Fact Sheet

Princesstree, Paulownia Paulownia tomentosa (Thunb.) Sieb. & Zucc. ex Steud.

September 21, 2007

Plant. Also called empresstree. Deciduous tree to 60 feet in height and 2 feet in diameter with large heart-shaped leaves, fuzzy hairy on both sides, showy pale-violet flowers in early spring before leaves, and persistent pecan-shaped capsules in terminal clusters in summer to winter. Abundant flower buds present on erect stalks over winter.

Ecology. Common around old homes, on roadsides, riparian areas, and forest margins in infested areas. Infrequently planted in plantations. Spreads by wind- and water- dispersed seeds. Invades after fire, harvesting, and other disturbances. Forms colonies from root sprouts.

History and use. Introduced in the early 1800s from East Asia . Has been widely planted as an ornamental and grown in scattered plantations for speculative high-value wood exports to Japan .


From: Miller, James H. 2003. Nonnative invasive plants of southern forests: a field guide for identification and control. Gen. Tech. Rep. SRS–62. Asheville , NC : U.S. Department of Agriculture, Forest Service, Southern Research Station. 93 p.

Stem. Twigs and branches stout, glossy gray brown and speckled with numerous white dots (lenticels). No terminal bud. Lateral leaf scars raised, circular, and becoming larger, dark, and sunken. Bark light-to-dark gray, roughened, and becoming slightly fissured. Stem pith chambered or hollow and wood white.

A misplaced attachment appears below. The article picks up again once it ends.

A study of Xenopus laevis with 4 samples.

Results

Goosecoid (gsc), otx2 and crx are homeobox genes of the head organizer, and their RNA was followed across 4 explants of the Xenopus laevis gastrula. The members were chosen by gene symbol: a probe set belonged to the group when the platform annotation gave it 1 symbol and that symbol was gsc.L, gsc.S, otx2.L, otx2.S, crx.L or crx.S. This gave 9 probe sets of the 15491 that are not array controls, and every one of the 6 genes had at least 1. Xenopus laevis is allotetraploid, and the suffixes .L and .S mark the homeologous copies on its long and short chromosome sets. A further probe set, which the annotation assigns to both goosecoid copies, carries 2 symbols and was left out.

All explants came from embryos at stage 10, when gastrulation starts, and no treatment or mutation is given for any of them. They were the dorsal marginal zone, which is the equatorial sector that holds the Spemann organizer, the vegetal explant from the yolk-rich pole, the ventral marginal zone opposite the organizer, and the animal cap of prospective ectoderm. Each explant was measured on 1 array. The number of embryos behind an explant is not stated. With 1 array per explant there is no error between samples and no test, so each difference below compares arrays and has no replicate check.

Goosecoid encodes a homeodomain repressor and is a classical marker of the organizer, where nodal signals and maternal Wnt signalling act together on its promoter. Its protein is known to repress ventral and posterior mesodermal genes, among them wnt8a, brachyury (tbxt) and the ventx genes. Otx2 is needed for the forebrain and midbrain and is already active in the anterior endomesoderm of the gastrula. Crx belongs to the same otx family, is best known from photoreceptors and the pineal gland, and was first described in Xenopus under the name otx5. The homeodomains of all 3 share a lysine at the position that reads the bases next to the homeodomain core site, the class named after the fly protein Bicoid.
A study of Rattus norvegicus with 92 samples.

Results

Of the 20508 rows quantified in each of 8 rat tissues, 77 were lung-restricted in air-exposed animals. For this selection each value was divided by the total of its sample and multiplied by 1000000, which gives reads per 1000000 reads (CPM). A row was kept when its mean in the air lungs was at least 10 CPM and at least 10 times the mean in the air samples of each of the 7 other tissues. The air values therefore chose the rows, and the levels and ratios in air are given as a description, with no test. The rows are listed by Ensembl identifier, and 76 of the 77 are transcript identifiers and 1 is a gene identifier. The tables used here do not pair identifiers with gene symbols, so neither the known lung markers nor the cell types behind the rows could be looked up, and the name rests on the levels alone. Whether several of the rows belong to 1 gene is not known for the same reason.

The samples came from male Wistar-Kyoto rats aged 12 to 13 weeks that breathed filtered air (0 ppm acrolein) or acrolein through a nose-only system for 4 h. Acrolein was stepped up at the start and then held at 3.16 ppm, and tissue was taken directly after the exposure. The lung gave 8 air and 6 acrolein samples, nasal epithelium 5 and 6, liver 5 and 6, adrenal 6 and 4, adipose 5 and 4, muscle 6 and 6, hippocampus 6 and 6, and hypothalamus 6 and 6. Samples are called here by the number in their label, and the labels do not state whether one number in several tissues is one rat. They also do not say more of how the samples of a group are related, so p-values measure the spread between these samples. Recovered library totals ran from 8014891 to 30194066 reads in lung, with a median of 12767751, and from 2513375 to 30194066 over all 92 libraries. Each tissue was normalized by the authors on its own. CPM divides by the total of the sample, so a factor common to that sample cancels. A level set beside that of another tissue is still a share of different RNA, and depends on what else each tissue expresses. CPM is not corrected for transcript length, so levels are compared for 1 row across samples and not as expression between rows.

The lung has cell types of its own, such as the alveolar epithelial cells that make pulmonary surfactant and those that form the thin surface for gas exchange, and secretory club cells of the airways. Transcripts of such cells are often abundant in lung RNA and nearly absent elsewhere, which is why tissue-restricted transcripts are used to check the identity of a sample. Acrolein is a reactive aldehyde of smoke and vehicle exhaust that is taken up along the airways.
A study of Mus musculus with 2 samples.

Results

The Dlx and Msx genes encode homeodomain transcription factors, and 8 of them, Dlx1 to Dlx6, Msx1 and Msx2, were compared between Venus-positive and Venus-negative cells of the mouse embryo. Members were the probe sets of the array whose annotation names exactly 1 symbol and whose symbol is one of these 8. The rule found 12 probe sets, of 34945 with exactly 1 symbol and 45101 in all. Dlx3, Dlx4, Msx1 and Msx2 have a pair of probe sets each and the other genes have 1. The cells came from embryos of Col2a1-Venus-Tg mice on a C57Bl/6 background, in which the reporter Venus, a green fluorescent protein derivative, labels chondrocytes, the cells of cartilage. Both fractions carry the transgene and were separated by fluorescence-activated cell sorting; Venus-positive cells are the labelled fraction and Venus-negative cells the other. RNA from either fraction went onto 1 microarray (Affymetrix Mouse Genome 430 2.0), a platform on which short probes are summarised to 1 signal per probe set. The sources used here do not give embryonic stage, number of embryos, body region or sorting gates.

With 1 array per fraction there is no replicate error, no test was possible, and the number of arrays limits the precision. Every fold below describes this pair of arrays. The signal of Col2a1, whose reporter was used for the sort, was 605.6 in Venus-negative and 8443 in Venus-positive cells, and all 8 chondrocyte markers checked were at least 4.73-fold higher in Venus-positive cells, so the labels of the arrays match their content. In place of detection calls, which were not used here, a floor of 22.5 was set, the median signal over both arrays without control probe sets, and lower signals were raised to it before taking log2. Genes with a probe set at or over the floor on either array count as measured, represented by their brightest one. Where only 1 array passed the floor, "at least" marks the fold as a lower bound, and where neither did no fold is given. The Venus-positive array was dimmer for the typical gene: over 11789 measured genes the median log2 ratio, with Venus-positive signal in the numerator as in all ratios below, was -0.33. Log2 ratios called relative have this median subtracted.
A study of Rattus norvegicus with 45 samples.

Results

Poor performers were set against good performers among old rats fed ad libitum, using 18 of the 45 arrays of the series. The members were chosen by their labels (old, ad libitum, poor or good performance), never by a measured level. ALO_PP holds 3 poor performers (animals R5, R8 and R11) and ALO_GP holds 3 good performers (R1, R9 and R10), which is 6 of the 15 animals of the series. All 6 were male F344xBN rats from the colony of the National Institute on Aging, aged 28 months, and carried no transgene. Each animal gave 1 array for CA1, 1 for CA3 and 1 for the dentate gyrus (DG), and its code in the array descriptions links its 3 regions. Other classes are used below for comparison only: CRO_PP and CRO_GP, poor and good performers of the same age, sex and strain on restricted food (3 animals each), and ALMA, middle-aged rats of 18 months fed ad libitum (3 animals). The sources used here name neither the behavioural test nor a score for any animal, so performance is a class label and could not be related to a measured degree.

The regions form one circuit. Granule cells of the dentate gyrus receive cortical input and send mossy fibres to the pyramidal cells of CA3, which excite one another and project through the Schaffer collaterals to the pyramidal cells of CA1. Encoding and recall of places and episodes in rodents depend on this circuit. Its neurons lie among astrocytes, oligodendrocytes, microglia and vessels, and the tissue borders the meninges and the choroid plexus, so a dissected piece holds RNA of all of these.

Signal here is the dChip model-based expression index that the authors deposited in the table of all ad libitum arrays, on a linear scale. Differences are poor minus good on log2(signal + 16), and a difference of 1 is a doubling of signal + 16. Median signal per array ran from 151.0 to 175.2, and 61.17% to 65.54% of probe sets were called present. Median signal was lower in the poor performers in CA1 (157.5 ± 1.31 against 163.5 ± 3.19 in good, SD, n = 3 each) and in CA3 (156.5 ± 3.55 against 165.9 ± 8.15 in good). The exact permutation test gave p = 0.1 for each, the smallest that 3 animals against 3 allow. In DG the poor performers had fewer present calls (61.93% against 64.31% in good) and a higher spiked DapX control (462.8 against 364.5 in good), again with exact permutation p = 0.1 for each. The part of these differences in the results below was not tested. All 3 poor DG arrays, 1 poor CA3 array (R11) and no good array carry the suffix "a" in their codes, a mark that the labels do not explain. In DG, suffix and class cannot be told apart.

Leaves. Opposite, heart-shaped and fuzzy hairy on both surfaces, 6 to 12 inches long and 5 to 9 inches wide. Leaves larger on resprouts, 16 to 20 inches across, with extra tips often extending at vein tips. Petioles rough hairy, 2 to 8 inches long.

Flowers. April to May. Covered with showy erect panicles of pale-violet flowers before leaves in early spring, tubular with five unequal lobes. Fragrant. Flower buds fuzzy, linear, and becoming ovoid in summer and persistent on erect stalks over winter.

Fruit and seeds. June to April. Terminal clusters of pecan-shaped capsules 1 to 2 inches long and 0.6 to 1 inch wide. Pale green in summer turning to tan in winter and eventually black and persistent into spring. Capsules splitting in half during late winter to release tiny winged seeds.

Resembles southern catalpa, Catalpa bignonioides Walt., and northern catalpa, C. speciosa (Warder) Warder ex Engelm., which have leaves with sparsely hairy upper surfaces and rough hairy lower surfaces and long slender, persistent beans.

Recommended control procedures:

Large trees. Make stem injections using Arsenal AC* or a glyphosate herbicide in dilutions and cut spacings specified on the herbicide label (anytime except March and April). For felled trees, apply these herbicides to stem and stump tops immediately after cutting.

Saplings. Apply Garlon 4 as a 20-percent solution in commercially available basal oil, diesel fuel, or kerosene (2.5 quarts per 3-gallon mix) with a penetrant (check with herbicide distributor) to young bark as a basal spray.

Resprouts and seedlings. Thoroughly wet all leaves with one of the following herbicides in water with a surfactant (July to October): Arsenal AC* as a 1-percent solution (4 ounces per 3-galllon mix); a glyphosate herbicide, Garlon 3A, or Garlon 4 as a 2-percent solution (8 ounces per 3-gallon mix).

* Nontarget plants may be killed or injured by root uptake.